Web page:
Columbus, Ohio (PRWEB) March 26, 2013
Obamacare 2014 Small Business Impact – Horizon Business Solutions Offers New Affordable Healthcare Act Assessment
Employee count and reduced absenteeism are pivotal financial factors in the new healthcare age. At the center of the debate is the simple question “What is a small business”? To accurately determine the size of a business one must read the 4,578 word reference document provided by the US Small Business Administration called “What’s New with Size Standards”. Additionally there are 11 links to those definitions that further clarify the size standards and another couple of thousand words that define the “Guide to Size Standards”.
Boiled down to the basic definition beginning January 2014 the US Federal Government will define a small business as fewer than 50 full-time equivalent employees. Employees are considered full-time when they work 30 or more hours per week. This breaks with the past rule of a 40-hour work week and it is precisely that difference that has small business owners scrambling to understand the complexities of the new small business definition.
For most, it may be easier to follow the simple method of counting the number of heads in the room but for those on the border of 50 employees the answer to that question is worth a lot of cash! That said, according to the Kaiser Employer Health Benefits Survey90% of businesses with 51 or more workers already provided health coverage in 2011. The study compared that with businesses that employed less than 50 workers in 2011 and found that only 57% offered health benefits to their employees.
Relatively speaking 10% of businesses in the US will be affected by the new healthcare initiative. The debate on whether that cost will be better or worse rages on politically.
For business owners that are uncertain if they are included in the 10% gap or small businesses owners evaluating hiring decisions, Horizon Business Solutions(HBS) is offering a new detailed evaluation for a very small fee. HBS Financial Consultant, Kim Bolin says, “For those companies on the edge of the 50 employee mark, the new employee classifications can be dizzying! We want to help. The majority of our accounting business is in the Columbus, Ohio area but we have opened this new service up to the entire US.” He goes on to say, “We want to be part of the solution, not the problem. Whether you agree or disagree politically this change is coming at us and we want American businesses to succeed.”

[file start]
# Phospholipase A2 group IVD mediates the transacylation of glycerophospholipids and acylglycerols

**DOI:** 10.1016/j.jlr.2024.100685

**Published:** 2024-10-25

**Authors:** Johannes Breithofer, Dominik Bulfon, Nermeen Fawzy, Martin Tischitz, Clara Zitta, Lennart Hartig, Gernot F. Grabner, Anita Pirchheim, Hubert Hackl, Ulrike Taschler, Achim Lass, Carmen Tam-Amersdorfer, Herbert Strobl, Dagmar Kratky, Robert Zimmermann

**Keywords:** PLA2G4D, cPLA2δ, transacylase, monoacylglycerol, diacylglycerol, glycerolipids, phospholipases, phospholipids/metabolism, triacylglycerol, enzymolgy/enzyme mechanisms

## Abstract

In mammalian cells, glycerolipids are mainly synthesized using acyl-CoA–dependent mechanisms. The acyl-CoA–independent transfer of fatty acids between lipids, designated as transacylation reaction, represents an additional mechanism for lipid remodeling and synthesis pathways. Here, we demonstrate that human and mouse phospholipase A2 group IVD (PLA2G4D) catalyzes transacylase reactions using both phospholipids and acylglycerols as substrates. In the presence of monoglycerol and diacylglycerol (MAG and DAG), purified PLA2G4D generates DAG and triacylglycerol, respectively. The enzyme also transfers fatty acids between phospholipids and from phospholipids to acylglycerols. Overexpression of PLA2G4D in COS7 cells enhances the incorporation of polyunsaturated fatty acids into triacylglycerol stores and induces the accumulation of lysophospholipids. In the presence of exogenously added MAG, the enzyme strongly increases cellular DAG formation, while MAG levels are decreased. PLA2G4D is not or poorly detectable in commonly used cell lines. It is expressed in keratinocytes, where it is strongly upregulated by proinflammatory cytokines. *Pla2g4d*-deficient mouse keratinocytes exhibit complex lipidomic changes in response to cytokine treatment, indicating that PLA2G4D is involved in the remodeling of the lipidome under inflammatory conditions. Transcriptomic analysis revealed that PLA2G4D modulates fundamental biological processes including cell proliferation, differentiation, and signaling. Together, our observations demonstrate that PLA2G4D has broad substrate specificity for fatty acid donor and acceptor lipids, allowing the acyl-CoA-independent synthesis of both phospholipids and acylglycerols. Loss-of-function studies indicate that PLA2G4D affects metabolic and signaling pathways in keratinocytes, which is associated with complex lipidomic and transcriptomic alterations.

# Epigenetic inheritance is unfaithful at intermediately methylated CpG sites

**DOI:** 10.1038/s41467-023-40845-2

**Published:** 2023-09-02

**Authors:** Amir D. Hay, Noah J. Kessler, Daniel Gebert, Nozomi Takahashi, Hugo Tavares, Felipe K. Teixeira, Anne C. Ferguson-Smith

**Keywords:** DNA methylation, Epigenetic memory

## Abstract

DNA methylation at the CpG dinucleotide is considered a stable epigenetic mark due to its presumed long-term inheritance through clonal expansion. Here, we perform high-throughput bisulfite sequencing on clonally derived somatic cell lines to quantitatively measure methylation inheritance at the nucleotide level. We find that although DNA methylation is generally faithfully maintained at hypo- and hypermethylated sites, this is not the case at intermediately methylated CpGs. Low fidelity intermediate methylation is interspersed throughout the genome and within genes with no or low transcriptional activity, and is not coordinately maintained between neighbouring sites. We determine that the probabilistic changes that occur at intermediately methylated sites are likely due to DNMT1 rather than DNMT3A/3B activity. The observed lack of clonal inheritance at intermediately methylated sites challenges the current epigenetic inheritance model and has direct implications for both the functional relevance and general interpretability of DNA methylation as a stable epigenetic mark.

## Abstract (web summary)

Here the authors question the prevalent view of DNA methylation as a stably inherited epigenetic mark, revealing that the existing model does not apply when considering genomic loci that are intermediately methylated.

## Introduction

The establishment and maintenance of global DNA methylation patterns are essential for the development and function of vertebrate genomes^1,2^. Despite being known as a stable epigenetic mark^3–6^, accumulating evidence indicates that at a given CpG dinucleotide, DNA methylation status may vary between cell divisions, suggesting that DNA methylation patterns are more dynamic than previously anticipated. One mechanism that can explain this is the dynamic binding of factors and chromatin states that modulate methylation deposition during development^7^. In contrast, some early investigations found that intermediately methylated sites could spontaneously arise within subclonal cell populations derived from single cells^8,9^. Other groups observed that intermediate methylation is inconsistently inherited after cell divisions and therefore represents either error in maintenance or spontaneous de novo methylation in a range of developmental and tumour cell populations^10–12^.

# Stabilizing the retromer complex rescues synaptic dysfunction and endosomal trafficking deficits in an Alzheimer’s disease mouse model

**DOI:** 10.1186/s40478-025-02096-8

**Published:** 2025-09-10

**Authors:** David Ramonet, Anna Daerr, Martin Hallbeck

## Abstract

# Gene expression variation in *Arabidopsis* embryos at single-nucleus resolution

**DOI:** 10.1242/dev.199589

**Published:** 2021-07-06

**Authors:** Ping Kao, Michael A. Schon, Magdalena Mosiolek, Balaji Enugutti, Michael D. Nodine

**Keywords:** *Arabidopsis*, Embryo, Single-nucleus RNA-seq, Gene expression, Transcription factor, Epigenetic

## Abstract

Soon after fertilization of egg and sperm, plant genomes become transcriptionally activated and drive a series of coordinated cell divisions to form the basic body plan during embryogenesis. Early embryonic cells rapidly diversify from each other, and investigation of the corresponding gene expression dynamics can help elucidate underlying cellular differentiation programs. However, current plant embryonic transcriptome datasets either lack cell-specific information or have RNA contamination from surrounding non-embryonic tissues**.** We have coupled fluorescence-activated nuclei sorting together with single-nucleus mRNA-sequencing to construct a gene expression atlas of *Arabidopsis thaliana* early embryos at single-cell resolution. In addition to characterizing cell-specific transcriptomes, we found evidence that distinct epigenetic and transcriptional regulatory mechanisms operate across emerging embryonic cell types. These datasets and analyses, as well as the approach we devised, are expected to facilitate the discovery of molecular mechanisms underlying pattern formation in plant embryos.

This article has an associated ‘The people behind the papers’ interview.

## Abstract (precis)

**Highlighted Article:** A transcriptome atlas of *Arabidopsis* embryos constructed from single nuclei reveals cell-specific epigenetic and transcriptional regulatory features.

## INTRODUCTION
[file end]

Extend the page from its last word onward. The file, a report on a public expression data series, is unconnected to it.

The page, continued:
There are some basic facts that every business owner should consider. First, if a business has fewer than 50 employees it is exempt from having to provide health insurance and/or the associated penalties. To put that in quantitative terms the vast majority of businesses in the United States have fewer than 50 employees. In 2007, 5,814,584 firms had fewer than 50 employees, compared with a total just over 6,049,655 firms. In other words, 96 percent of U.S. small businesses are specifically exempted from fines on employers who don't insure their employees.
Second, in an effort to move the country to a fully health insured population the Affordable Care Act provides incentives in the form of tax credits to those small businesses that do provide health insurance. Tax credits are available to employers with fewer than 25 employees who are paid average annual wages of less than $50,000. If the employer pays for at least half of the insurance for workers, the employer gets a tax credit for part of the contributions. Those tax credits start for the 2010 tax year, and they increase in 2014 when more provisions of the healthcare law take effect.
Although less cited, another benefit to the Affordable Healthcare Act is the predicted lower absentee rate for small businesses that elect to provide healthcare coverage. According to the Centers for Disease Control and Prevention, “In the face of rising healthcare costs, there is growing recognition that preventing disease and maintaining good health pay significant dividends to business. As individuals, we value good health; from an economic perspective, US leadership in the global economy depends on the health of the workforce. Even modest improvements in the health status of US workers could increase the nation’s GDP by $905 billion by 2023 according to one study. Corporate interest in workplace prevention and wellness program has increase substantially.” As employee gain access to healthcare the hope is that productivity will increase.
For more information on the Affordable Healthcare Act call Horizon Business Solutions at 614-577-1700 or visit their website at http://www.horizonbiz.com.